Many years ago, legendary angler Hank Parker learned a valuable lesson and earned his biggest tournament check in a place called Cooley Cove. The host of "Hank Parker's Outdoor Magazine" television series was competing in a Super Bass event held on Florida's St. Johns River, which paid out $175,000 to the victor.
"During my practice time," tells Parker, "I found good numbers of big bass in this place called Cooley Cove. On my first pass through the area, I caught a 9-1/2-pounder, and four others at about 6 pounds. I also had a couple of big fish hit and miss my spinnerbait. I was both excited and concerned."
Parker spent a lot of time considering what adjustments he would make if conditions changed and put the bite down. During the first of four competition days, Parker went nearly 3 hours before getting his first strike. "During my earlier years as a competitor," shares Parker, "I would have pulled up the trolling motor and said 'I am out of here.' Instead, I stayed and tried to reason the problem out."
Anglers familiar with the St. Johns River know that it's influenced by subtle tidal changes. Although the difference in water level between tides was a mere 10 inches, the change in current flow was significant. The two-time BASS Masters Classic champion admits that he initially overlooked the tidal influence. However, after remembering there was more eel grass showing during the big bite in practice, Parker deduced that his big fish were most likely feeding on the outgoing tide.
Parker was determined to stay in the area long enough to test that tide. "I wouldn't have won that event if I had quit on the area early or hadn't noticed the difference in the amount of exposed grass," Parker concludes. "Sometimes the subtlest clues -ones that most anglers miss-are the keys to patterning and catching bass."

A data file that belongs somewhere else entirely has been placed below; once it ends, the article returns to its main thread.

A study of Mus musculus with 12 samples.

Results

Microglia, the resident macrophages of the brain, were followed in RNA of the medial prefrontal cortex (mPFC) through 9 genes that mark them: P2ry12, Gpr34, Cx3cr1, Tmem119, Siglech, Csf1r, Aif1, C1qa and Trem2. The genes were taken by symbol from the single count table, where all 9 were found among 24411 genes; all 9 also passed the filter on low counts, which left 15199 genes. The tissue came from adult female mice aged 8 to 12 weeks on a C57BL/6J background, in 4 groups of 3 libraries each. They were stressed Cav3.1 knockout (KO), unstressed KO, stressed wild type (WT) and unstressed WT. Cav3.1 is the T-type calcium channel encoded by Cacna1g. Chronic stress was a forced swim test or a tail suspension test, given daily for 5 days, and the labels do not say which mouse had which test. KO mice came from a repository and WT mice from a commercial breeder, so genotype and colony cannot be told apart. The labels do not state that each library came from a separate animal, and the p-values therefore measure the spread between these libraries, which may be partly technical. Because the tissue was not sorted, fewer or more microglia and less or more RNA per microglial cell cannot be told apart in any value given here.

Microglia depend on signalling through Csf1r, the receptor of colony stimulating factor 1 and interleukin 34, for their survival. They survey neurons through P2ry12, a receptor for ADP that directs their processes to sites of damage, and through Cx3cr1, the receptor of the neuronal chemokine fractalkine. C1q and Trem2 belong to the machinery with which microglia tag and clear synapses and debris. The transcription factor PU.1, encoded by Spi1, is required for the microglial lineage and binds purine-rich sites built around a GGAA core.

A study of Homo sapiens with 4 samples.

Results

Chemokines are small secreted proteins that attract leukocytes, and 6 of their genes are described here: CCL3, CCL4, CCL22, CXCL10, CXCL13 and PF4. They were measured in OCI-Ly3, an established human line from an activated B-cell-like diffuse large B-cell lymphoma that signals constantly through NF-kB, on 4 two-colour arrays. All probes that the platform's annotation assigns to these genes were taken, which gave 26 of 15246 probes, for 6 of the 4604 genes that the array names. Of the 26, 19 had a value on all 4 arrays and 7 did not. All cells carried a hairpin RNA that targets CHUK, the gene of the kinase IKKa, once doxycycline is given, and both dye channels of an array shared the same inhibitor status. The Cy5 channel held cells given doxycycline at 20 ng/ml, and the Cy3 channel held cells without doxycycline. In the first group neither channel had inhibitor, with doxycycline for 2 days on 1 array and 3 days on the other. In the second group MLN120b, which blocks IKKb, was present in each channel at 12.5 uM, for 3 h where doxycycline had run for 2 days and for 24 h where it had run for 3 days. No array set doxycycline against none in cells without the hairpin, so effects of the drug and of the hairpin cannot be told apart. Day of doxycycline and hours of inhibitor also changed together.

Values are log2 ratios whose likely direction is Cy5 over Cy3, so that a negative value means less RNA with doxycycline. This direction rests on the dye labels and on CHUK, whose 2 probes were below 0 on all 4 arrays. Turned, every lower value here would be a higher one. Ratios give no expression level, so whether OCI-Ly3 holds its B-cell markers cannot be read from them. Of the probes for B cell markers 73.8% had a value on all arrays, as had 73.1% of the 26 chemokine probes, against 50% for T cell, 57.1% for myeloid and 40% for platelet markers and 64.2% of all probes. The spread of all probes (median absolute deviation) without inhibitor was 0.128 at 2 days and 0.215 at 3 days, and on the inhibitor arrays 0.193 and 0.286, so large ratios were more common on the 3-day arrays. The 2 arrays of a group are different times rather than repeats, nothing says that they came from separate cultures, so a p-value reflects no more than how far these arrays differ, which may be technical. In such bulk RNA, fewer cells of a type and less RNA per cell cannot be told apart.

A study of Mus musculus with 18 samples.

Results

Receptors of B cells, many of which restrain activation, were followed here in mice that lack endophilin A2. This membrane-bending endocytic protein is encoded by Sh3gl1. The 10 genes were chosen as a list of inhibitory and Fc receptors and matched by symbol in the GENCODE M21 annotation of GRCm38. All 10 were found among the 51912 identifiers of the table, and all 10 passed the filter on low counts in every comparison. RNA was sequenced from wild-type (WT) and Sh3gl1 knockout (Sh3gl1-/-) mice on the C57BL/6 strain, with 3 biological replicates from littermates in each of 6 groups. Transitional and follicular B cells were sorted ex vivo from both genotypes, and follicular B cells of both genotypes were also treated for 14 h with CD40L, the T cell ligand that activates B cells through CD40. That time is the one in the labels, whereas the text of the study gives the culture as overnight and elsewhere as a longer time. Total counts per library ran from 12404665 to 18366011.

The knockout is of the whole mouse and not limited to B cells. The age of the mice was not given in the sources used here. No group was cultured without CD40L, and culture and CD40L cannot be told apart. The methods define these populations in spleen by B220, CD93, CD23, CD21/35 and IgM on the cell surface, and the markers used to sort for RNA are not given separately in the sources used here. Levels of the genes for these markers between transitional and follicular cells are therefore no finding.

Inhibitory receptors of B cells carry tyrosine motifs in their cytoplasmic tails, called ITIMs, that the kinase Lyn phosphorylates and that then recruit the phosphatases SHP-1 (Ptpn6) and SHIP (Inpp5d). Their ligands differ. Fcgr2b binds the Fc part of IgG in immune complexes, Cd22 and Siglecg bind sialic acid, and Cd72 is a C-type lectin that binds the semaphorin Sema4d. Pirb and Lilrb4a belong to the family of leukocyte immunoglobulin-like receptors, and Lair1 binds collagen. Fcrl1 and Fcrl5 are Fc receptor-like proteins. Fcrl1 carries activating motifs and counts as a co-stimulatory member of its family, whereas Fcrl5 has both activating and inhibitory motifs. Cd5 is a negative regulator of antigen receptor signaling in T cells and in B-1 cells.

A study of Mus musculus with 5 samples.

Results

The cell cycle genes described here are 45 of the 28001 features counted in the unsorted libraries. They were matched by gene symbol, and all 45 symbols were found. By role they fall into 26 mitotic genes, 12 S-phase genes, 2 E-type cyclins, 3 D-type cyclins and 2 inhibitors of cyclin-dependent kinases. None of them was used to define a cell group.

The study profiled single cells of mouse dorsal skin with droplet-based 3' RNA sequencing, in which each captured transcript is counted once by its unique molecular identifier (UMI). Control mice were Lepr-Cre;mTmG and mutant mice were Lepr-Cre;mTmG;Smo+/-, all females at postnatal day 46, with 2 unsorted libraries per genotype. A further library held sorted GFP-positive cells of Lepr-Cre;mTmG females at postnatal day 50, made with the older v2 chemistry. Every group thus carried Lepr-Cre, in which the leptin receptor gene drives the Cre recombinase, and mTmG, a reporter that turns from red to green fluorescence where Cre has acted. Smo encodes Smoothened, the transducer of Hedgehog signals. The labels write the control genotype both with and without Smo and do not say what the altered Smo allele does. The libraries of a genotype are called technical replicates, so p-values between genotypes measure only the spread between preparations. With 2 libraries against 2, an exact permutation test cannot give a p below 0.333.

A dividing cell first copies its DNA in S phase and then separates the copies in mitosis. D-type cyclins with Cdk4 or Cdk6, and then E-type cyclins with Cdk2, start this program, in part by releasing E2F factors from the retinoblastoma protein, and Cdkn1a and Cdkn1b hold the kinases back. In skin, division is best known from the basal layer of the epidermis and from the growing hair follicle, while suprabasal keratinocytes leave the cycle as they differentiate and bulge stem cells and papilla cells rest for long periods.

Like Parker, Texas' Gary Klein has won events by correctly reading nature's clues. One memorable victory occurred on Florida's Lake Okeechobee, when a flock of seagulls drew Klein away from the area he was fishing and out to the middle of the lake.
"Once I got out there," he explains, "it was easy fishing. Yet, no one else was out there."
According to Klein, the more important messages Nature gives aren't as easy to spot as is a flock of birds. Many messages-a wind shift, a change in cloud cover or the way a bass reacts to a lure-are difficult to recognize and read. The Weatherford pro believes most anglers' inability to pick up on the subtlest clues is linked to their own environment.
"Those of us who live in heavily populated areas and make long commutes have a tremendous amount of environmental noise and stimuli coming at us," Klein notes. "We're conditioned to shut out the excessive environmental noise and to focus on only what's important. That hurts us when we're outdoors."
Klein's point is simple-most anglers' focus is too narrow. When focusing purely on the cast and retrieve, they miss what's going on around them. They're literally numb to clues and changes occurring in the bass' environment.
According to Klein, anglers can learn to be more observant. But it takes a focused effort, as well as time on the water. "Admittedly," reveals Klein, "I don't have the ability to instantly put myself into that mental state. I think it's because I am so socialized. That's why I like unlimited practice time. It gives me time to settle back into the bass' environment."